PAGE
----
The Kallikak Family
Andrew Peterson (the main force behind The Kallikak Family) hails from the fertile musical grounds of the Portland Oregon area and has collaborated with everyone from Phil Elvrum (The Microphones) to Adam Forkner (Yume Bitsu) and others. May 23rd 2007 is his concept album about portraying events and locations in the life of a person who has been told by a fortune teller that they would die on the album-titled date. The release is a highly-varied sonic collage, mixing acoustic instrumentation, programmed electronics, field recordings, vocals, and a little bit of everything else into a sometimes-disorienting hodge-podge.
In terms of raw materials, the group doesn't really resemble other artists who use some of the same elements. They're nowhere near as musical as The Books and they're a bit more challenging than Alejandra & Aeron. They do have things in common with some of the more ramshackle moments of Gastr Del Sol, and they also have some mutual eccentricities with the weird atmospherics of bands that find a home on Family Vineyard (minus all the digital whatnots). One thing The Kallikak Family does have going for them is that the album never gets stuck in place for too long. Seventeen tracks run under forty minutes in total time and even if something doesn't rub you the right way, chances are it will be on its way shortly.
"Organ Tuning / Surgery" opens the release with wiping, organ drones that bleed into the title track of "May 23rd 2007," one of the album standouts. On the track, skittery programming mixes with haunting female choirs, stuck keyboard tones, and squiggling electronics for a track that's always on the move. Elsewhere, feedback hum morphs into cathedral bell field recordings on "Bells In Bergamo," found-sound percussion breakbeats propel "Portland, Oregon Part 4," and "Miking A Drumkit" is one minute of hissing, squelching glitchery that never really takes shape.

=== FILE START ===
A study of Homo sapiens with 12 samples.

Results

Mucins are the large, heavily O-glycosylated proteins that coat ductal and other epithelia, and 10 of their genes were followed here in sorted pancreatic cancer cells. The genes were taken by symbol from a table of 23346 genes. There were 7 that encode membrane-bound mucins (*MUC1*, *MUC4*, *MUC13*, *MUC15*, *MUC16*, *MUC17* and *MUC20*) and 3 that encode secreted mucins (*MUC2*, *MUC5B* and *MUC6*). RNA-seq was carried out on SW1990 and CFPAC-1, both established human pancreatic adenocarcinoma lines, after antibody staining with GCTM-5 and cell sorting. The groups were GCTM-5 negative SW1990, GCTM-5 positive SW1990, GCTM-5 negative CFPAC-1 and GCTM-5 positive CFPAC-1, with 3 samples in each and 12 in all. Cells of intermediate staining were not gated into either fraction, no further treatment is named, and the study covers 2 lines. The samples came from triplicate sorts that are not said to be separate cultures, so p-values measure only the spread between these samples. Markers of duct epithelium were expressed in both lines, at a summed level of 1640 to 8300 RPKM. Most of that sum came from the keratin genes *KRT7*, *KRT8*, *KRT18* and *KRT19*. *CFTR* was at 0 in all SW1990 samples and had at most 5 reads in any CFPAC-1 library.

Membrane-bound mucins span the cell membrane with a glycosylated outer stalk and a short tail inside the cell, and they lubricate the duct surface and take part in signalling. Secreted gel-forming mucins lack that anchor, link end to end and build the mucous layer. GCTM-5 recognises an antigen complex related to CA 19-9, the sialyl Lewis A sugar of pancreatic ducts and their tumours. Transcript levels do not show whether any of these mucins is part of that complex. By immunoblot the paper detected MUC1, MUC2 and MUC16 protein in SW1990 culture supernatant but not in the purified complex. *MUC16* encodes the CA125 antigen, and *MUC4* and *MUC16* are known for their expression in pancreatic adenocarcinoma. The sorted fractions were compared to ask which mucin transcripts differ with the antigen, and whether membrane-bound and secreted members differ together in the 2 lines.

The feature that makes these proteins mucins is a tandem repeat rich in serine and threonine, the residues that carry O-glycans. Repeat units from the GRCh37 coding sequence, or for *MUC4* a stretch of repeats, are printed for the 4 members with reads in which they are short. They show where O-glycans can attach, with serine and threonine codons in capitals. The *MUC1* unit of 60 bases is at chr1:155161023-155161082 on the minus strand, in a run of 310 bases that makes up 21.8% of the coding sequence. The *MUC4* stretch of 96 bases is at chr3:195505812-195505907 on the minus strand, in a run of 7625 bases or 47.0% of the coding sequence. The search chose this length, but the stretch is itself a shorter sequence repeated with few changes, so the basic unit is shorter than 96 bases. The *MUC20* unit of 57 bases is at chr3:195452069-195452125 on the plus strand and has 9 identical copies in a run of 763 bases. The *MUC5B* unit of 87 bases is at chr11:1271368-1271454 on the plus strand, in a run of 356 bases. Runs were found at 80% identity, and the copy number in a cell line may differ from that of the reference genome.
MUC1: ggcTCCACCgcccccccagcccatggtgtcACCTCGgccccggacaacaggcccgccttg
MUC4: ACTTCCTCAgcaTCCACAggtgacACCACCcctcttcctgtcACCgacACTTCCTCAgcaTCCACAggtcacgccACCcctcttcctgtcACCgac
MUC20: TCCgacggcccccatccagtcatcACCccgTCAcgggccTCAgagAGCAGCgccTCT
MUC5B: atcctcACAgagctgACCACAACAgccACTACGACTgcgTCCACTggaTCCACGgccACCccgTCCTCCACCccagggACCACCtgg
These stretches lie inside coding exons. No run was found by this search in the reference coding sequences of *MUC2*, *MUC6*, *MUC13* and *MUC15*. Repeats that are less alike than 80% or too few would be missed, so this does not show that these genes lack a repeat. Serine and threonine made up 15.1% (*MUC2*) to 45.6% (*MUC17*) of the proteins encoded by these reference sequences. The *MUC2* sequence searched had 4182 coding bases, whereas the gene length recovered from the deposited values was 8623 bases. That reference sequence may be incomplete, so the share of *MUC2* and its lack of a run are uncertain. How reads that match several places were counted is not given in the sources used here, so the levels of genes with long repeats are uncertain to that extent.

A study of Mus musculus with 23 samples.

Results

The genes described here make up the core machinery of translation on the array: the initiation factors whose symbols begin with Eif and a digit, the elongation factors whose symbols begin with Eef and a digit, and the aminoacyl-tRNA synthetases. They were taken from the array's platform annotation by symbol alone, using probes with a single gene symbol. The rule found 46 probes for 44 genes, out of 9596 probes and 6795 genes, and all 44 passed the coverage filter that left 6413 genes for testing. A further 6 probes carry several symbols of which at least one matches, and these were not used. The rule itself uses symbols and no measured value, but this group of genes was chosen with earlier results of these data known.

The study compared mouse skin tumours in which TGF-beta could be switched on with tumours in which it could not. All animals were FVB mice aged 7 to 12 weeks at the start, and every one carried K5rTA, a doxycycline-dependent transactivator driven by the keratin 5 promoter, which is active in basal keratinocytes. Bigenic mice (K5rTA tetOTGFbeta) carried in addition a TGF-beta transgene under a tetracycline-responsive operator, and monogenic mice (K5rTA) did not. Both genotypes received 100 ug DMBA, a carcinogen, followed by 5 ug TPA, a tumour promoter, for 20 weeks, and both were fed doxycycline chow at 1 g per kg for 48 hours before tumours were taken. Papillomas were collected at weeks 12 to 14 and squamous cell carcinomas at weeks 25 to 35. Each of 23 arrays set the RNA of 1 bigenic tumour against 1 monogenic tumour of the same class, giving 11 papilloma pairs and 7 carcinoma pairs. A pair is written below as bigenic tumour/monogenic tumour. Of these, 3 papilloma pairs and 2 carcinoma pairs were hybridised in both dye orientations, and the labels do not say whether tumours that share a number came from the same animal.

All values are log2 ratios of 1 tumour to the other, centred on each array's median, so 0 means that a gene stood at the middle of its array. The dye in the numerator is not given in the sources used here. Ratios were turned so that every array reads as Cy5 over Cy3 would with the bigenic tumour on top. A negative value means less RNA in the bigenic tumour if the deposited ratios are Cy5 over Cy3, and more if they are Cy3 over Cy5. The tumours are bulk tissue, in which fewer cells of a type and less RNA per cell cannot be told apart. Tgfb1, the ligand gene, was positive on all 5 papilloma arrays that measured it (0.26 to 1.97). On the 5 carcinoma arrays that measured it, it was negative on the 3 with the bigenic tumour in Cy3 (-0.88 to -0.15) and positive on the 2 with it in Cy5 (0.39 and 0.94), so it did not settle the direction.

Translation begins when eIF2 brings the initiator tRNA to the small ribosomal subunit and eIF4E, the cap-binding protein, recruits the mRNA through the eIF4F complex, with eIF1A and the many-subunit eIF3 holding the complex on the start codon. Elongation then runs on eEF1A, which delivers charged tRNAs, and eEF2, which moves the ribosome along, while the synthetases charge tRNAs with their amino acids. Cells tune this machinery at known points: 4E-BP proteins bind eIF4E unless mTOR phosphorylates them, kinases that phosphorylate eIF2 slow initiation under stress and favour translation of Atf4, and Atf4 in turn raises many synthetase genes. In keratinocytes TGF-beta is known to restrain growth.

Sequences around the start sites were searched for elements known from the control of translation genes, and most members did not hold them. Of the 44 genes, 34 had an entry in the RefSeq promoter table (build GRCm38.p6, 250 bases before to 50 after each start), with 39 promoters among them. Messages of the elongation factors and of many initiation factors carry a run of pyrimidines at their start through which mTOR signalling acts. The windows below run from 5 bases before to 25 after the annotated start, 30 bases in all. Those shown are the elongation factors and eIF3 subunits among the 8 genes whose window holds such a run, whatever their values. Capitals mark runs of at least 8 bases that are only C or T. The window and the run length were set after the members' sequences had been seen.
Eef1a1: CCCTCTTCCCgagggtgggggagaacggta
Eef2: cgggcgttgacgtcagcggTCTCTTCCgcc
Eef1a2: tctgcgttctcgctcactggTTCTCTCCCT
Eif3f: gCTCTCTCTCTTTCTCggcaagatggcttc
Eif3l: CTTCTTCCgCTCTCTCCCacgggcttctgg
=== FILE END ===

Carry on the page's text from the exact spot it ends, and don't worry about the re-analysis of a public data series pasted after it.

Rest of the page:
For all the cutting and pasting and mashing of elements, two of the more engaging tracks on the album are also the most stark. "Guitar 1" and "Guitar 2" are both tracks played with two-part acoustic guitar, and their delicacy and warmth (especially that of the latter) outweigh everything else on the entire release. Towards the end of the album, many of the elements that showed up previously (ghostly female choir, field recordings of kids, etc) all come together for a couple great closing tracks, but the overall feel of the album is one that doesn't always progress with much rhyme or reason. There are definitely great moments, but as a whole feels a bit rough around the edges (which might be part of the charm given your particular tastes).